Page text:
The bill passed the US congress almost unanimously, with the intention of sending China a strong message on human rights. The bill comes amid worldwide outrage of the treatment of Uighur muslims in China, many of whom have been detained in detention camps and subject to torturous conditions and invasion of privacy.
The bill mandates sanctions against those responsible for oppression of members of China’s Muslim minority. The United Nations estimates that more than a million Muslims have been detained in camps in Xinjiang.
Trump issued a “signing statement” saying that some of the bill’s sanctions requirements might limit his constitutional authority as president to conduct diplomacy.
This means some requirements will be advisory, not mandatory.
Trump did not hold a ceremony to mark his signing the bill into law, which came as US newspapers published excerpts from a new book by his former national security adviser, John Bolton.
Trump signed a bill calling for sanctions against those responsible for repression of Uighur Muslims
Among other allegations in the book, Bolton said Trump sought Chinese President Xi Jinping’s help to win re-election during a closed-door 2019 meeting.
“The Act holds accountable perpetrators of human rights violations and abuses such as the systematic use of indoctrination camps, forced labor and intrusive surveillance to eradicate the ethnic identity and religious beliefs of Uyghurs and other minorities in China,” Trump said in a statement.
The legislation requires the US administration to determine which Chinese officials are responsible for the “arbitrary detention, torture and harassment” of Uighurs and other minorities.
The United States would then freeze any assets the officials hold in the the states economy and ban their entry into the country.
The bill mandates sanctions against those responsible for oppression of members of China’s Muslim minority.
Trump, while signing the act, objected to a technical aspect of the legislation on his powers as president to terminate sanctions on individuals.
The bill comes after a number of activists said that China has rounded up at least one million Uighurs and other Turkic Muslims and is forcibly homogenising them.
Activists warned earlier on this year that China has been running a brainwashing campaign on Uighurs with few modern precedents.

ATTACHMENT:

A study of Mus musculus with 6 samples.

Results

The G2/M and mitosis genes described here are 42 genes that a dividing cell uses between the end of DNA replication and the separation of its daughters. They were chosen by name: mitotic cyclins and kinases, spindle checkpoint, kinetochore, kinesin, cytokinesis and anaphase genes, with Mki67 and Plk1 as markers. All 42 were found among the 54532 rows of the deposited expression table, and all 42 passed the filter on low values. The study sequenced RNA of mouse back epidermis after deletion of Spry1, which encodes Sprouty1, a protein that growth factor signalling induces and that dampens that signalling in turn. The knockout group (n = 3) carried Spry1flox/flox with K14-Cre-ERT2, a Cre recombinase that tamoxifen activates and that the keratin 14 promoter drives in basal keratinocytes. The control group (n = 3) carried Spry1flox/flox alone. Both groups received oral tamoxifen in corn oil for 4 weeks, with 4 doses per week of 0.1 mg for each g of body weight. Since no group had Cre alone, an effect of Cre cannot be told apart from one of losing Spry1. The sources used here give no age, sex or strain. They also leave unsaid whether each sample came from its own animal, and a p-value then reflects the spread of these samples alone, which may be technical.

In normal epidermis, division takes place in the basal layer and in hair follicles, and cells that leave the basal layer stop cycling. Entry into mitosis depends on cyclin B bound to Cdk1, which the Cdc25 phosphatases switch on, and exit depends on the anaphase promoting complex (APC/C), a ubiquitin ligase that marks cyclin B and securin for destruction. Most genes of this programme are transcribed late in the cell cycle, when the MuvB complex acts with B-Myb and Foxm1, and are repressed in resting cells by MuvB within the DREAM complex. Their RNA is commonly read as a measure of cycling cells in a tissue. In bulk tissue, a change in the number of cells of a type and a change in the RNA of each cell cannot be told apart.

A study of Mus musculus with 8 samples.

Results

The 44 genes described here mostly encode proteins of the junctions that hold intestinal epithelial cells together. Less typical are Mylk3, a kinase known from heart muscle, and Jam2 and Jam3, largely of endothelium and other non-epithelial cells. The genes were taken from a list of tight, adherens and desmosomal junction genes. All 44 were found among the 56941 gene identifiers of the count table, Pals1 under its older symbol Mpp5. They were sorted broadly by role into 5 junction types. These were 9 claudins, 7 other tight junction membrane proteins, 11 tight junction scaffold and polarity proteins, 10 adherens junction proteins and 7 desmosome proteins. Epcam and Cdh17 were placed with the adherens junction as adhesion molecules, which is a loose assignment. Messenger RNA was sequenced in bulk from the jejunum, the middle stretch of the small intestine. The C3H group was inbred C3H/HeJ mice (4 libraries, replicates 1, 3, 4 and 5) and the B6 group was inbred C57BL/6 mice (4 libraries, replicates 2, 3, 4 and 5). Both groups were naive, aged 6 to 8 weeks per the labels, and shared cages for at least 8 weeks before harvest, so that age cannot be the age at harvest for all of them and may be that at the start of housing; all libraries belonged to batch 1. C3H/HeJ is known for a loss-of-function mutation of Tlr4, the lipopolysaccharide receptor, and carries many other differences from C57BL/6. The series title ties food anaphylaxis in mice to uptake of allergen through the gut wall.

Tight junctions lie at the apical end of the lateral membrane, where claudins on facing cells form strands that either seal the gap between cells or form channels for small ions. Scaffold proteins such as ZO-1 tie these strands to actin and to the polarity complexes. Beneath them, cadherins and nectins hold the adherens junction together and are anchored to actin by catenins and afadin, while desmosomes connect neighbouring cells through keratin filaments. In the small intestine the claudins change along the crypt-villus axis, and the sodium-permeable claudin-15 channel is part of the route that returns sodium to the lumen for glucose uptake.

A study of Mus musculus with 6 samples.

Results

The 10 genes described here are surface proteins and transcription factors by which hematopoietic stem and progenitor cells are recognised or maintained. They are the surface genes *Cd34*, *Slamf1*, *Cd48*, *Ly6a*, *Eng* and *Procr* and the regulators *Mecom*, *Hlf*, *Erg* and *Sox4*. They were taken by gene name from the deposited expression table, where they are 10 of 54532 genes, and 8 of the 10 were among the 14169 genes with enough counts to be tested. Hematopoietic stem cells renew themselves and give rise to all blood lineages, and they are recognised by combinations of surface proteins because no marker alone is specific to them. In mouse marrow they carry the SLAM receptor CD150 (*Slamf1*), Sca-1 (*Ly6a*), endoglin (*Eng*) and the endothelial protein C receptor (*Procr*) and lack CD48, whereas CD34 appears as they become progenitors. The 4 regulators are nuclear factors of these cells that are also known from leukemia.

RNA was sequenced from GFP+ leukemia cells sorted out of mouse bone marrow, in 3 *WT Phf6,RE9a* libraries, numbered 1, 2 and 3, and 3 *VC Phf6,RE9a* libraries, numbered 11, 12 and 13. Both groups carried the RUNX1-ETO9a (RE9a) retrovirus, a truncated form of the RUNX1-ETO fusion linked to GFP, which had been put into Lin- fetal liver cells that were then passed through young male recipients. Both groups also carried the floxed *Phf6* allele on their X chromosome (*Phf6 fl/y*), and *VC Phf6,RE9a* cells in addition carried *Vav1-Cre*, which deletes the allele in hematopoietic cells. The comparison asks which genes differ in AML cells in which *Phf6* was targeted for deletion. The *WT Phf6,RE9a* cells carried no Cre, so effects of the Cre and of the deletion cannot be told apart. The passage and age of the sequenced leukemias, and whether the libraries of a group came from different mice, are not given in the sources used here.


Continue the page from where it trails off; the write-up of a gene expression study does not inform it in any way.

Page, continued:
Beijing counters that it is running vocational educational centres that offer an alternative to Islamic extremism.
The legislation requires the US administration to determine which Chinese officials are responsible for the ‘arbitrary detention, torture and harassment’ of Uighurs.
According to The Washington Post, Bolton in his upcoming book said that Xi explained the issue to Trump, who told him that the detention camps were “exactly the right thing to do.”
Bolton also claimed that Trump said Xi should go ahead with building the camps in Xinjiang.
Earlier on this year the BBC uncovered a document listing the personal details of more than 3,000 individuals from the far western region of Xinjiang.
The document sets out in intricate detail the most intimate aspects of their daily lives.
According to the BBC report, the document made up of 137 pages of columns and rows – include how often people pray, how they dress, whom they contact and how their family members behave.
China denies any wrongdoing, saying it is combating terrorism and religious extremism.
The document is said to have come, at considerable personal risk, from the same source inside Xinjiang that leaked a batch of highly sensitive material published last year.
One of the world’s leading experts on China’s policies in Xinjiang, Dr Adrian Zenz, a senior fellow at the Victims of Communism Memorial Foundation in Washington, said at the time he believed the leak to be genuine.
The United Nations estimates that more than a million Muslims have been detained in camps in Xinjiang.
“This remarkable document presents the strongest evidence I’ve seen to date that Beijing is actively persecuting and punishing normal practices of traditional religious beliefs,” he says.
The 311 main individuals listed are all from Karakax County, close to the city of Hotan in southern Xinjiang, an area where more than 90% of the population is Uighur.
The Uighurs are predominantly muslim and are closer in appearance, language and culture to the peoples of Central Asia than to China’s majority ethnicity, the Han Chinese.
In recent decades the influx of millions of Han settlers into Xinjiang has led to rising ethnic tensions and a growing sense of economic exclusion among Uighurs.